In a recent case, the Connecticut Supreme Court decided a case could proceed toward trial against a city fire department after a fire in a public housing complex in 2009. The fire caused the deaths of a mother and her three children, and the family’s estate filed a lawsuit against the Bridgeport Fire Department and five city officials, alleging that they died because of the defendants’ failure to conduct an inspection of the unit.
The day before the fire, two housing authority employees conducted a routine maintenance inspection of the unit. During the inspection, the inspectors tested the smoke detectors, replaced one smoke detector, and changed one smoke detector’s batteries. At the end of the inspection, the inspector reported that all of the smoke detectors were working.
A fire broke out in the unit early the next morning, and all four individuals died of smoke inhalation. Investigators concluded that the fire was accidental and was caused from a fire on the stove with human involvement.
Fire Department’s Obligation to Conduct Annual Inspections
Under Connecticut Statute 29-305(b), the city’s fire marshal’s office is required to do yearly inspections of multifamily residential units. However, the city did not conduct an inspection of the family’s unit in the year before the fire. The plaintiff alleged that the defendants failed to ensure that the unit complied with state building and fire safety codes, failed to conduct an annual fire safety inspection, and failed to remedy numerous defects in the unit. Specifically, the plaintiff alleged that the unit lacked fire escapes or other means of escape, photoelectric smoke detectors, fire sprinklers, fire extinguishers, fire alarm systems, fire suppression systems, and fire safety or prevention plans. The defendants argued that the absence of the inspection did not rise to the level of recklessness.
The Court’s Decision
Connecticut’s Supreme Court found that a jury could find that the defendants showed “a reckless disregard for health or safety” under the circumstances. The Court explained that the fire chief made several statements in his deposition that could have demonstrated the city was reckless. For example, the chief testified that the number of fire inspectors was insufficient to inspect all of the multifamily homes in the city, that the city did not inspect the public housing facilities unless there was a complaint, that the internal inspections were not being conducted by a certified fire marshal, and that he was previously unaware that the fire department was required to inspect public housing facilities each year.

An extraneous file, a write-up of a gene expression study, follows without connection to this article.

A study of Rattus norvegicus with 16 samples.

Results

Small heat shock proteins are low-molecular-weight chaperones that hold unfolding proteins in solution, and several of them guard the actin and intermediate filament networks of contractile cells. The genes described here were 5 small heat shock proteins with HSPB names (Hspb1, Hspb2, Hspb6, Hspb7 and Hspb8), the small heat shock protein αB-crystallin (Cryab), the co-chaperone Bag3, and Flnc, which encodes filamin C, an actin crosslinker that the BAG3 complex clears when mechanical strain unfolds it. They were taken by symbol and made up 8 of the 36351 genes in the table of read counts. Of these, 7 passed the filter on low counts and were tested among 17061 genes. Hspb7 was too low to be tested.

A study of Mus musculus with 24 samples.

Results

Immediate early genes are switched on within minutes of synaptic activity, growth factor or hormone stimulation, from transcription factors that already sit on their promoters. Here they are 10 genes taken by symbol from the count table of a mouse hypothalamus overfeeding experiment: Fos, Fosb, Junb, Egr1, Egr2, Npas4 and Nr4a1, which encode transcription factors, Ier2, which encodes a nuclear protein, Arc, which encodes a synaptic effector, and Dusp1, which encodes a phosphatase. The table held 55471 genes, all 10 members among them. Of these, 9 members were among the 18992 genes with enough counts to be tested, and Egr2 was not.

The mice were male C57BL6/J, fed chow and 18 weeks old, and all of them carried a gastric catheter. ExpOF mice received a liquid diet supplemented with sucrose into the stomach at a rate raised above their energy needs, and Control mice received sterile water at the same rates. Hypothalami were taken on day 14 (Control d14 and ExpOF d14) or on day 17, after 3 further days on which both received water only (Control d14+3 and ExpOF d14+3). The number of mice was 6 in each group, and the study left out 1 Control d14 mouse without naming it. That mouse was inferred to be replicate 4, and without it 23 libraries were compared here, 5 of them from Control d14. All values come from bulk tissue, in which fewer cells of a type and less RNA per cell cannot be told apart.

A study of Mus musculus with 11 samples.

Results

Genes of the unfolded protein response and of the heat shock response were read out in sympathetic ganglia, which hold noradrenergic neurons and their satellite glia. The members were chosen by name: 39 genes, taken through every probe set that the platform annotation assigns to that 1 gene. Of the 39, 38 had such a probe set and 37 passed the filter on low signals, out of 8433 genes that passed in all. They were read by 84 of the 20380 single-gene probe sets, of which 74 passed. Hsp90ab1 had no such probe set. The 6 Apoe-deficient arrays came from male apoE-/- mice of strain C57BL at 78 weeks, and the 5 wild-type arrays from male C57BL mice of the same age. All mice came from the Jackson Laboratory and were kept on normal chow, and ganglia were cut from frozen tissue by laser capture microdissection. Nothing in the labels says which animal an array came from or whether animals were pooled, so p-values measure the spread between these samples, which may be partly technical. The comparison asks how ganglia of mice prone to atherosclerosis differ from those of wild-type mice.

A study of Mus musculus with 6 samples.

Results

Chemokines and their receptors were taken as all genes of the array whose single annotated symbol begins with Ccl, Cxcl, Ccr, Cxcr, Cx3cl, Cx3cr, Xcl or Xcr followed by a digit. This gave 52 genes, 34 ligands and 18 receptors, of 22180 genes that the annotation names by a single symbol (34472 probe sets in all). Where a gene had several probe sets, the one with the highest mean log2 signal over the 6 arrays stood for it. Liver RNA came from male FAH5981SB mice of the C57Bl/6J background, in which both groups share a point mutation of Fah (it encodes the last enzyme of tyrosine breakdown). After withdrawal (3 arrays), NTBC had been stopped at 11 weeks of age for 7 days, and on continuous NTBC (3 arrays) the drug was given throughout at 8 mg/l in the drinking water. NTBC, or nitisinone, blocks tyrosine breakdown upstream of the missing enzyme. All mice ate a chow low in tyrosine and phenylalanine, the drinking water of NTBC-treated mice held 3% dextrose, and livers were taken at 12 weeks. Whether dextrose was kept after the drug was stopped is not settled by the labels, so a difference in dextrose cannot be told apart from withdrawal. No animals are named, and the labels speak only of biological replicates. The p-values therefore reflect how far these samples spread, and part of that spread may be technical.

In sum, the Court found that the fire chief’s deposition and the various affidavits submitted indicated that the city maintained a policy of not conducting a fire inspection in public housing units unless there was a complaint or a request, in violation of the statute. Therefore, the defendants may have acted in reckless disregard of public safety.
Contact a Personal Injury Attorney
If you are currently involved in a serious legal matter that cannot be resolved out of court, you can trust our experienced law firm to stand at your side. At Brickley Law, we understand the laws concerning Connecticut personal injury cases and are prepared to offer our knowledgeable assistance. We represent individuals in New Canaan and surrounding areas in personal injury cases. Call Brickley Law today at (203) 599-3600.
See Additional Blog Posts:
Connecticut Supreme Court Reverses Jury Verdict, Finding Plaintiff Failed to Show Defendant’s Product Was Dangerous, Connecticut Injury Lawyer Blog, December 27, 2017.
Proving Wrongful Death Claims in Connecticut, Connecticut Injury lawyer Blog, December 6, 2017.